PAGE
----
Germany's decision on nuclear could open Europe's doors to Gazprom
18 August 2011, Gas, Nuclear, Solar, Wind
RWE is under threat from expensive long-term gas contracts that are index-linked to high crude oil prices when European spot gas prices trade at a 20-30% discount to the long-term contract price. It does not help that RWE is also badly positioned in the upstream gas market. By April 2011, this issue was such a big problem that RWE initiated arbitration procedures for some of its long-term natural gas supply contracts with Gazprom, claiming the oil indexation was no longer competitive, which of course was (and still is) true.
For now, Gazprom, the main supplier to both RWE and E.ON, insists on enforcing and retaining these long-term contracts to protect its gas revenues in Europe, but not at the risk of shredding gas supplies into Europe. Until now, a drop in European sales at Gazprom was a likely consequence of cheap gas spot prices on the back of lower industrial gas demand and a new found abundance of natural gas production in the US.
For some time now, the thinking has been that long-term oil-linked gas contracts would progressively be replaced by gas contracts that link in part to a basket of related commodity prices, such as non-oil products (coal), gas replacement fuels, power, and wholesale hub prices traded on freely available and increasingly liquid Western European market hubs. Germany's new and seemingly definitive stance on nuclear power was arguably the trigger behind RWE and Gazprom's recent memorandum of understanding (MoU), which will see them work together on new and existing gas and coal power plants in Germany, the UK, and Benelux.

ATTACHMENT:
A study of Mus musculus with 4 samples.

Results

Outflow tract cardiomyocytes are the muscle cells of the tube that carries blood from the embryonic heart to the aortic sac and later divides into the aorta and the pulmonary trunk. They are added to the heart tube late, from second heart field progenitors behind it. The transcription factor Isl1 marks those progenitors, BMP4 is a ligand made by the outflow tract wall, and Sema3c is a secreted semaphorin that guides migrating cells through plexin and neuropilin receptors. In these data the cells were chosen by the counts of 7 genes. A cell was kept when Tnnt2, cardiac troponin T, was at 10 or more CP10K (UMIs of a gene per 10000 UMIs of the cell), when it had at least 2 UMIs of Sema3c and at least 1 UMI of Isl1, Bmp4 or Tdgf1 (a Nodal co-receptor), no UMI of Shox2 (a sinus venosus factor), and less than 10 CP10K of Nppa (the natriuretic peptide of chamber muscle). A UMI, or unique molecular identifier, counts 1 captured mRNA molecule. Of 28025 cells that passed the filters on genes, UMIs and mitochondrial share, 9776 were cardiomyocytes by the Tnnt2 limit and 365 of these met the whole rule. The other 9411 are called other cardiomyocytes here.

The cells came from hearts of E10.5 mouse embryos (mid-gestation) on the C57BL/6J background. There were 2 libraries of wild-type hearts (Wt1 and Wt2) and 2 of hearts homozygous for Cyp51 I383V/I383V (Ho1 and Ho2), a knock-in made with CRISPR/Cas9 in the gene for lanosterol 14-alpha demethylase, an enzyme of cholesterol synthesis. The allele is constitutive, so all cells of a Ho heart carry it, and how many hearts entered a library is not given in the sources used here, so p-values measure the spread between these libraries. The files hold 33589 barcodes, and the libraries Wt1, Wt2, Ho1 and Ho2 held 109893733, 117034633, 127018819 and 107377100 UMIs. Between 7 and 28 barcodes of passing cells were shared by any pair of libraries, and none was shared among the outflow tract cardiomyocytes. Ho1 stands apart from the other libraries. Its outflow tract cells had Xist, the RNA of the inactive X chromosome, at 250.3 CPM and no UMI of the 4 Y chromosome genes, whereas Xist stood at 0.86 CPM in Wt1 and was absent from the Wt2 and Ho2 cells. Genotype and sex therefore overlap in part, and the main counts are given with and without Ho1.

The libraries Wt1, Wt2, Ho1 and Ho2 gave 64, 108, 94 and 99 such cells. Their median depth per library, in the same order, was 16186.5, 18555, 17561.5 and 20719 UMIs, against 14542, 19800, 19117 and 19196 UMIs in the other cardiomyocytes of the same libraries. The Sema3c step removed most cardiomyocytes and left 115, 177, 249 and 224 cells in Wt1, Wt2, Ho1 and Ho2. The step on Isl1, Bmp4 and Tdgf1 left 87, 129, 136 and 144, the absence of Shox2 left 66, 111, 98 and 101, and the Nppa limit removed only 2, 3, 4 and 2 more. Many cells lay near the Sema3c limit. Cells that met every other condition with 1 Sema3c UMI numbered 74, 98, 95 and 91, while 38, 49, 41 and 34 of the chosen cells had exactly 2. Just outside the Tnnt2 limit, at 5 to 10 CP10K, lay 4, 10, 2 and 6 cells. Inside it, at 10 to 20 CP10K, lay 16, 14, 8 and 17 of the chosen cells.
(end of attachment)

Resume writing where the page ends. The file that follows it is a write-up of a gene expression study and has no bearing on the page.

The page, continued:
The MoU will also allow RWE to secure a competitive gas supply, undoubtedly on the strict understanding that oil indexation will underpin Russian supplies in long-term take-or-pay contracts. At the same time it will give Gazprom, which has been creeping further downstream for a while, the means to access valuable European production and distribution power assets, as well as presenting it with potentially lucrative swap agreements.
However, RWE's woes are not limited to the gas market or Germany's nuclear exit. The combination of three years of fairly constant power prices and rising coal prices has also squeezed the coal revenue margins of firms with large coal exposure, such as RWE.
The German government's nuclear phase-out is classic small-world thinking, certainly where gas is concerned, and has prompted RWE to rethink its strategy. The company will seek to strengthen its upstream gas position and renewables business in the long term. However, the current game of brinkmanship between RWE, which is intent on salvaging its nuclear position, and Gazprom, which is intent on maintaining its pricing policy and growing exports in the region, is giving the German government a reason to rethink its position.
Alarm bells should be ringing in Brussels. Potentially at stake is the future of independent gas benchmarks, which are of course in Europe's long-term market interests, and Russian control of European production and distribution, which is arguably less so.